Sunday, 19 January 2020

Book review: The Best of Granta Reportage (1993)

There are 13 pieces in this volume and each is by a different author. At one stage the volume was bought at Mary Ryan’s, a bookseller in Queensland, including Brisbane and Noosa, so it’s possible I got it while living in that state.

The back cover has a photo from Magnum by Ian Berry showing people running in a crowd. Their skin is black and the book contains, for example, a piece from Ryszard Kapuscinski’s ‘The Soccer War’ (which I reviewed here in December)  and one by Martha Gellhorn titled ‘The Invasion of Panama’ (1990; I reviewed her book ‘The Face of War’ in December). There’s also a piece by a journalist named John Simpson titled ‘Tiananmen Square’ (1989) and a disappointing piece by James Fenton titled ‘The Fall of Saigon’ (1985).

Not all the pieces in the book are equally successful. While Gellhorn and Kapuscinski are, obviously, very good, Carolyn Fourche’s ‘El Salvador: an aide-memoir’ (1983) and Marilynne Robinson’s ‘The Waste Land’ (1985; about Sellafield nuclear plant in England) are not because they lack sufficient information to let the reader focus on the core of the piece. Fenton’s piece is bad, on the other hand, for different, though related, reasons. In his case, you are not given enough reason to sympathise with the protagonist (the journalist himself) and you are, instead, faced with what at the time must have been commonplaces but which, due to the passage of time, have become arcana only known to the specialist.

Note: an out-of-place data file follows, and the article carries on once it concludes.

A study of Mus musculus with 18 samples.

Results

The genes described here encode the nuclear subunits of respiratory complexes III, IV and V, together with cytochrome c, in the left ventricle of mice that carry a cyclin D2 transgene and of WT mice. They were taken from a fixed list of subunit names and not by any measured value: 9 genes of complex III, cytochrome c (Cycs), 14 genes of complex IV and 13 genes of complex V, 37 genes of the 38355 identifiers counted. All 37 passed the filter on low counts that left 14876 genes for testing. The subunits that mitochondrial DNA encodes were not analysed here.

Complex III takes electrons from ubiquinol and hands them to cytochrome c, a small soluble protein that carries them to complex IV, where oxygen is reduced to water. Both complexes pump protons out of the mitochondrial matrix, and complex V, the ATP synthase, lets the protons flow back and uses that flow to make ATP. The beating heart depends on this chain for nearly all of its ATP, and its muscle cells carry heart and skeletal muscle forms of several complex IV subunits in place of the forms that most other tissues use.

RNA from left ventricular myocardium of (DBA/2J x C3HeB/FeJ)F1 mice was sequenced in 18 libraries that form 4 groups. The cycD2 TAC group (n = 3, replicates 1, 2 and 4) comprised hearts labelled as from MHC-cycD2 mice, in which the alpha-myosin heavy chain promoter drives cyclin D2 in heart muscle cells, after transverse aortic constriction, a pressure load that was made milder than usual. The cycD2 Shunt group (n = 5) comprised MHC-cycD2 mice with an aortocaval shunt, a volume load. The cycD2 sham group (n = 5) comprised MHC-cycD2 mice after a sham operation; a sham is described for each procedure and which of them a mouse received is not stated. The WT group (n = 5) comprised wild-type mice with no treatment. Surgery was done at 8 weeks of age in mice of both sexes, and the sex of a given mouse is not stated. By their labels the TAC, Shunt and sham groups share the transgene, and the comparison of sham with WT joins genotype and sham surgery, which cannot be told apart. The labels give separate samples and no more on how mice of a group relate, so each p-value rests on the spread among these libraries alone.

I didn’t have this problem with John Le Carre’s ‘The Unbearable Peace’ (1991). Here, the subject of the article is finely drawn and the author’s position vis-à-vis that person is adequately defined. Another good piece is Richard Rayner’s ‘Los Angeles’ (1992) about the race riots in that city. William McPherson’s 1990 piece ‘In Romania’, which chronicles one man’s experience of that country in the aftermath of the collapse of its government, is also good because the author puts himself at the centre of the narrative. Svetlana Alexiyevich’s ‘Boys in Zinc’, about the Afghan war waged by the Soviet Union, is also extremely good.

The collection is uneven and some pieces are very good while others are far less so. What seems to work after the passage of time is the inclusion of the writer in his or her own narrative. This tactic helps to give the reader clues as to how to react to the drama that is being uncovered. The narrator becomes a kind of lightning rod that concentrates the mind as you read, and lets you place in context the different ideas that you encounter during that process. Overall, a worthwhile read from an era now ended.